J.R., Bobby and Sue Ellen are back, battling the next generation of the Dallas Ewings for power

Larry Hagman takes off his cowboy hat during an L.A. photo shoot and sets it down, brim up. "You always turn it over, or your luck will run out," says the actor, sporting J.R. Ewing's seductive grin.

Hagman's luck seems as rich as a barrel of Texas crude. Dallas, which lassoed some of TV's highest ratings during its 13-year run (1978 – 91), could be a gusher again, with a 10-show season premiering June 13 on TNT. The reboot pairs original cast members Hagman (conniving J.R.), Patrick Duffy (his wholesome brother, Bobby) and Linda Gray (J.R.'s tipsy wife, Sue Ellen) with a new generation of scheming Ewings. Josh Henderson, as J.R.'s son John Ross, and Jesse Metcalfe, as Bobby's adopted son, Christopher, rekindle the family feud when ruthless John Ross challenges the last will and testament of his grandmother Miss Ellie.

"The turd doesn't fall far from the horse!" says Duffy, 63, who confesses he misses the show's original elders. "The hardest part is sitting at the head of the table at Southfork, because Jim [Davis, playing Jock Ewing] always occupied that place — and the plots revolved around making Daddy proud."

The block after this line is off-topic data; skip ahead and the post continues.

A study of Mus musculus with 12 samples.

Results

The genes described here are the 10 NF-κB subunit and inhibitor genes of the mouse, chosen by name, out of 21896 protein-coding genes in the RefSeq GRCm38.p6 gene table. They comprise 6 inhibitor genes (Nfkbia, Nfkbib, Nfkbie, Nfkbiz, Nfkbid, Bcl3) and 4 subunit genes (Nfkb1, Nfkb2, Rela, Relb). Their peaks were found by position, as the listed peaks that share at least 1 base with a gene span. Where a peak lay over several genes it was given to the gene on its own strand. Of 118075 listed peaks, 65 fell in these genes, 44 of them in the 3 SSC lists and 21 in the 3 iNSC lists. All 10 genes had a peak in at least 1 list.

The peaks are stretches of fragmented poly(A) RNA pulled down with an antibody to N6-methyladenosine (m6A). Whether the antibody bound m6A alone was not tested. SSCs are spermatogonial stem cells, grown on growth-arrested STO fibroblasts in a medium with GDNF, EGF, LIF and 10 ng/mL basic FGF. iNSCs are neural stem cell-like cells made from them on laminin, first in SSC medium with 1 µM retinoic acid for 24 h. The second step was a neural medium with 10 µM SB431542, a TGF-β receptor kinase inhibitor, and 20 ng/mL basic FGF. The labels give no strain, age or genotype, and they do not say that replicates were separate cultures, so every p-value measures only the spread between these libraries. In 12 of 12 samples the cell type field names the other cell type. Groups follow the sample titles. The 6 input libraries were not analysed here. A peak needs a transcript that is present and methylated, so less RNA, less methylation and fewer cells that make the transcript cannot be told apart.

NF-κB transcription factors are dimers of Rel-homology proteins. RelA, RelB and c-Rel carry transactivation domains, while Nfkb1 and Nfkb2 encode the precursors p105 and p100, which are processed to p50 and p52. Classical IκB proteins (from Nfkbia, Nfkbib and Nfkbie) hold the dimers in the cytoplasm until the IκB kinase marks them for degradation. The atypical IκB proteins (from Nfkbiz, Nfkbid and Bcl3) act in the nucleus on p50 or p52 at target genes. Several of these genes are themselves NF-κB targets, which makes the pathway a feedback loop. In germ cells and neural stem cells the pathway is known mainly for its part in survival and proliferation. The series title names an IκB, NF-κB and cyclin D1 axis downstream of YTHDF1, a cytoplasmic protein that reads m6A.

At its height, Dallas was the world's most popular show: Foreign fans based their view of the States on Southfork's decadent dramas, and the Smithsonian Institution displayed one of J.R.'s hats (custom-made, at $10,000 each). The show's resilience lies in its characters, particularly dastardly J.R., a beguiling blend of Hagman's dramatic and comedic chops. "My theory," says Hagman, 80, "is that everybody has a jerk like J.R. in the family, and they can identify with that."

Larry Hagman, Linda Gray, Patrick Duffy, TNT, series, summer, dallas, tv, JR, Ewing, Southfork, family, bobby, Sue Ellen

Robert Trachtenberg

Patrick Duffy, Linda Gray and Larry Hagman in a limo promoting their new show, 'Dallas' on TNT

"Let's be honest," says Duffy. "The only reason Dallas is being done now is because they can get J. R. back on the air. That character is as iconic as the ranch itself."

Linda Gray, 71, attributes the show's appeal to its frank treatment of social issues. Sue Ellen's alcoholic spiral, for example, occurred "as Betty Ford came out. We were ahead of what was happening in society."

The three actors remain close, championing one another's work and celebrating the arrival of grandchildren. When Hagman underwent cancer treatment recently, Duffy and Gray sat at his bedside. "I feel great!" Hagman insists. "My motto is, 'Don't worry, be happy.' " Or as John Ross says at the end of episode one, "The fun is just beginning."